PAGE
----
When Erin Banks graduated from college a semester early last December, she thought her work at Peace was done. This week, she got one final assignment from Provost Debbie Cottrell – to give a speech at Commencement in May.
Banks, an English major from Morehead City, N.C., was named the Valedictorian for 2011 on Monday after earning a perfect 4.0 GPA at Peace.
"I was excited," Banks said. "It really is a great honor."
With her course work done at Peace, Banks wasn’t sure why Cottrell needed to meet with her Monday but said she was pleasantly surprised with the news.
"I was thinking, ‘What did I do? I don’t think she can take my diploma back,’" Banks joked. "But I was very excited about it."
It wasn’t always Banks’ goal to be valedictorian. In fact, her success at Peace started out as nervousness about college. Not sure how much effort her coursework would require, Banks dedicated herself to trying her best during her freshman year. After earning a 4.0 for her first semester, she thought she’d try to keep it going.
"It just became a challenge for myself," Banks said.
Banks was homeschooled through high school and said her strong work ethic came from her parents, Rev. David and Jerri Banks. She also said piano instructor Dr. Margaret Evans pushed her to pursue excellence when she was younger.
"She had a quote by Aristotle on the bulletin board outside of her door and it said ‘We are what we repeatedly do. Excellence therefore is not an act but a habit,’" Banks remembered. "That’s really the way she treated music and everything. Between her instilling that in me in piano and my mom and dad really instilling that in me in my other studies … that really built my work ethic."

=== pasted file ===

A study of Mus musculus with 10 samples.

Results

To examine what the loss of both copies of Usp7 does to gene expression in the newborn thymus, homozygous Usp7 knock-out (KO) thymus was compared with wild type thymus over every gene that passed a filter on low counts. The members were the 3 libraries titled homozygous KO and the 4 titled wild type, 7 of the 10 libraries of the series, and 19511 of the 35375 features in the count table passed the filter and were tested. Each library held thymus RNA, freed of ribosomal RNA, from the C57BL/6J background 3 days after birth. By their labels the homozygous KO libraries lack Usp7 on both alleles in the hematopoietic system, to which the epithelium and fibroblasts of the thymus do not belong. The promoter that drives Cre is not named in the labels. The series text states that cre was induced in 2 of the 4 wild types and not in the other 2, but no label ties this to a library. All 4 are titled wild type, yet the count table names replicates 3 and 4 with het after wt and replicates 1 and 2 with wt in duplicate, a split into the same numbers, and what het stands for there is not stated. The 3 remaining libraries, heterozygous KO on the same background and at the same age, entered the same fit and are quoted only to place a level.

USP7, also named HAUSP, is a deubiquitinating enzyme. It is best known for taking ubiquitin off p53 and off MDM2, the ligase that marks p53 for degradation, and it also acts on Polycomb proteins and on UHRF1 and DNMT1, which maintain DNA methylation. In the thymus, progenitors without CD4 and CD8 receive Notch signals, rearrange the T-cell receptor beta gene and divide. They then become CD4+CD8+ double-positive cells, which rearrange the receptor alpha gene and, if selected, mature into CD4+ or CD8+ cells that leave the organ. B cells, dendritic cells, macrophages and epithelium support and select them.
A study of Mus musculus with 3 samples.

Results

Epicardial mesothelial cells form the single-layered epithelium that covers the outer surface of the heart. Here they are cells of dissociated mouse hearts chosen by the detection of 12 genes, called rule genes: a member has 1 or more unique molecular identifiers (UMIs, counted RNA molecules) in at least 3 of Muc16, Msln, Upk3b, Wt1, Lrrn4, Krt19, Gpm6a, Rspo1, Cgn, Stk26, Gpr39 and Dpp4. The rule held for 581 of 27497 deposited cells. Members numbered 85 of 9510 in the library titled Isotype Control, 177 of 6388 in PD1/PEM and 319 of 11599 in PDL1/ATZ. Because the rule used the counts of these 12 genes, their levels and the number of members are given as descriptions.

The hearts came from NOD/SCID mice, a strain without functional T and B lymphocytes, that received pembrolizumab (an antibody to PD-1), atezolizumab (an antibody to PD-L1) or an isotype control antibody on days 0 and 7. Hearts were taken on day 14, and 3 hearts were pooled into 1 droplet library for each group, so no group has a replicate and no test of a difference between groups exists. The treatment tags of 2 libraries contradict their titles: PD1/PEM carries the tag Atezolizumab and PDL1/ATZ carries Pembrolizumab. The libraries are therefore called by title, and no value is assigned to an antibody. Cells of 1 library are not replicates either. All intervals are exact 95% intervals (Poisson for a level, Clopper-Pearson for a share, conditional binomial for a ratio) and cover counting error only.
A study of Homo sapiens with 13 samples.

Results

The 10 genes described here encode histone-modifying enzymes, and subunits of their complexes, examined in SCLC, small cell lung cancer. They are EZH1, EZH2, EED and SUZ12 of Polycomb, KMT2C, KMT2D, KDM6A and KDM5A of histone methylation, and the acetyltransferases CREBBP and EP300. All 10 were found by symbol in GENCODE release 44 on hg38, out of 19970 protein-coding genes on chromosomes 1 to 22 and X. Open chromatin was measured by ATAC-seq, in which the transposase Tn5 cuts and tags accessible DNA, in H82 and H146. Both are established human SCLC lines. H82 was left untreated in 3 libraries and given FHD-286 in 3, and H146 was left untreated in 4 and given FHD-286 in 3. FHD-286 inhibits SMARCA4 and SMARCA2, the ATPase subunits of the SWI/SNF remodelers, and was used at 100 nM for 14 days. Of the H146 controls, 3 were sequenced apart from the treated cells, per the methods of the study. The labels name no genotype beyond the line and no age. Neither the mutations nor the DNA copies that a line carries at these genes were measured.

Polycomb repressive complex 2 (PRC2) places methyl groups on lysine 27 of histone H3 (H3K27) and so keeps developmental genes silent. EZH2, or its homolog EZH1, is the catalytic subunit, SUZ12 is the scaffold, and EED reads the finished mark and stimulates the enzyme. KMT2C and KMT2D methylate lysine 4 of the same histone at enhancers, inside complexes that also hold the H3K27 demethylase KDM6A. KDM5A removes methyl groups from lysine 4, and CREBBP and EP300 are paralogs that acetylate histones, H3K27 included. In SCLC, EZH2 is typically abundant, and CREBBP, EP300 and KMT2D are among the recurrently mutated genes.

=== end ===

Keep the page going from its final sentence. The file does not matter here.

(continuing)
The small class sizes and sense of community at Peace also helped Banks get the best out of her college experience. She mentioned how often the intimate classroom experience at Peace fostered better discussions in classes like Images of Women and Music Theory — two of her favorites.
"I like that about Peace — the small classroom sizes, the fact that people know each other," Banks said. "People are a lot more apt to speak up when you have good discussions and that’s what makes going to class fun."
Banks hopes to be a college English professor some day but is planning on working for at least a year before applying to graduate programs. She also mentioned being interested in teaching English at the high school level.
"I’m not sure where (I’ll apply for grad school)," Banks said. "Maybe stay in the area. Maybe look at Chapel Hill or Duke since they offer a doctoral program. But for now I’ll probably keep the part-time jobs I have and look for a full-time one I might like."
Banks also wanted to thank her extended family and friends for their support during her college career.
"If it wasn’t for them I would not have made it to this point," Banks said.